Hemant Mehta would like you to fund his new project. It’s a book, with pictures: God Is An Abusive Boyfriend (And You Should Break Up With Him).
I am going to tell you why this isn’t true. Allow me to present my credentials: I, unlike Hemant Mehta, had an abusive boyfriend.
That girl on the cover, with her eyes shifted, her body language stiff, is not an abstract concept to me. When I saw that image, I thought of myself. I thought of the night my alcoholic ex-boyfriend got trashed and embarked on a mostly incomprehensible rant about all the people he’d beat if they touched me. I sat next to him, very still, remembering the raccoon he’d let his dog rip to pieces in front of me.
He’d thrown ice and snow at it while it cowered and forced me to do the same. When it screamed, he laughed. When I begged him to pull the dog away, he refused.
And so I knew better than to try to run. All animals know when they’re trapped.
I defended him in public. I ignored my own screaming instincts. I didn’t even leave him when he assaulted me.
That’s what Mehta’s turned into pictures for his book. That’s what he’s comparing to religious belief.
This is, among many other things, quite an obvious logical fallacy. He’s asking us to compare apples and oranges.
As an atheist, I believe that God is an entirely fictional concept. Like any concept, it can be used to justify oppression. But because it’s merely a concept, and not a real entity, it can be interpreted any way a person likes. God, the idea, is not abusive, cannot possibly be abusive. God as Pat Robertson markets Him is another matter altogether, but even in this scenario it is Robertson, not God, that deserves the blame for inflicting trauma on his followers.
The concept of God isn’t a monolithic one; the concept my parents worship can’t reasonably be compared to the one my feminist Muslim friends worship, or the Light that dwells within my Quaker friend.
My abusive ex-boyfriend belongs to a separate category. He is real. He’s responsible for his own actions; no third party commits deeds on his behalf. There is nothing to be interpreted here.
Like all survivors of abuse I am familiar with blame, and how it is typically directed at survivors themselves and not the perpetrators of violence. I am familiar with all the usual questions.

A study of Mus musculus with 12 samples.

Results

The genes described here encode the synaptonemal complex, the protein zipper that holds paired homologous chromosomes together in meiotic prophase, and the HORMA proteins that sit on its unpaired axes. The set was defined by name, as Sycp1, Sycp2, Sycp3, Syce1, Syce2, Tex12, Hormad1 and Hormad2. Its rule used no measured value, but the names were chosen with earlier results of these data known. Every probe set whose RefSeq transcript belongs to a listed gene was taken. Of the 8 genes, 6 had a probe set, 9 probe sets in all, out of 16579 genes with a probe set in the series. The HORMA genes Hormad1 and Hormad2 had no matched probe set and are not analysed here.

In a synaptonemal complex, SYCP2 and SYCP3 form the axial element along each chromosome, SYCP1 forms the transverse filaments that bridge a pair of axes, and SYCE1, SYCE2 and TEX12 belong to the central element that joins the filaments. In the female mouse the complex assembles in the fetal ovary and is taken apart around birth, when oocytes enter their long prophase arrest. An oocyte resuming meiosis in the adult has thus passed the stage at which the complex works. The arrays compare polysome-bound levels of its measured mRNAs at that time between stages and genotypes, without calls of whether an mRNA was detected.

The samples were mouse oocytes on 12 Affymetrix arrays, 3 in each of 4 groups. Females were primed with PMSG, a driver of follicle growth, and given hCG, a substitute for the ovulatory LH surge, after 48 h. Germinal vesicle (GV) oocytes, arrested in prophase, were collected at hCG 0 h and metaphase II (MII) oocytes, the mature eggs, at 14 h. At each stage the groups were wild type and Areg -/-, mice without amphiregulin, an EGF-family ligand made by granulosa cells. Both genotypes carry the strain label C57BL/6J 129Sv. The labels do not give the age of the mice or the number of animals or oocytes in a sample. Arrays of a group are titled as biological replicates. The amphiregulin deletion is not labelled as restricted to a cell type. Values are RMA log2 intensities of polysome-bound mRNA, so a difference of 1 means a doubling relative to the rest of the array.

Why didn’t you leave him?
For a number of complicated reasons that include fear, blackmail, and an upbringing in a fundamentalist subculture that taught me to accept male dominance and female submission as norms.
Maybe you’re exaggerating.
If so I’ve wasted quite a bit of my life in therapy.
Why did you date him at all?
Because he was very charming, and I wanted to believe he meant it when he said he’d be there for me.
Looking at my answers I can see there might some parallels between them and the answers I typically give when asked about my experiences with religion. But surviving an abusive romantic relationship and leaving organized religion are two fundamentally different processes, even if you’ve experienced religious trauma. The roots are different. The triggers are different. The recovery process is different. Things can overlap; that doesn’t mean they’re identical.
I am exceedingly weary of discussing my experiences with abuse. I have a BA in International Studies and an MA in Postcolonial Culture and Global Policy. I have presented papers on human rights and revolutions at institutions like the London School of Economics. As a writer, I’ve covered everything from Tea Party rallies in coal country to Hobby Lobby v. Burwell and in 2014 alone, I’ve been profiled in the New York Times and published in the Guardian.
But here I am, talking about something that happened four years ago.
We are all more than the professional faces we present to the world. And as long as the imagery of domestic violence is used in such a simplistic manner, I will speak out against it. I want you, if you care at all, to think of my face when you look at that book cover. I want you to imagine how frightened I was when I defended my abuser the way the girl in Mehta’s picture book defends God, when I cowered at the end of a couch the way she cowers in a corner.
And I want you to think very carefully about whether or not this is how you want to promote your belief tradition to the world.
I am an atheist. And God did not abuse me. My real boyfriend did.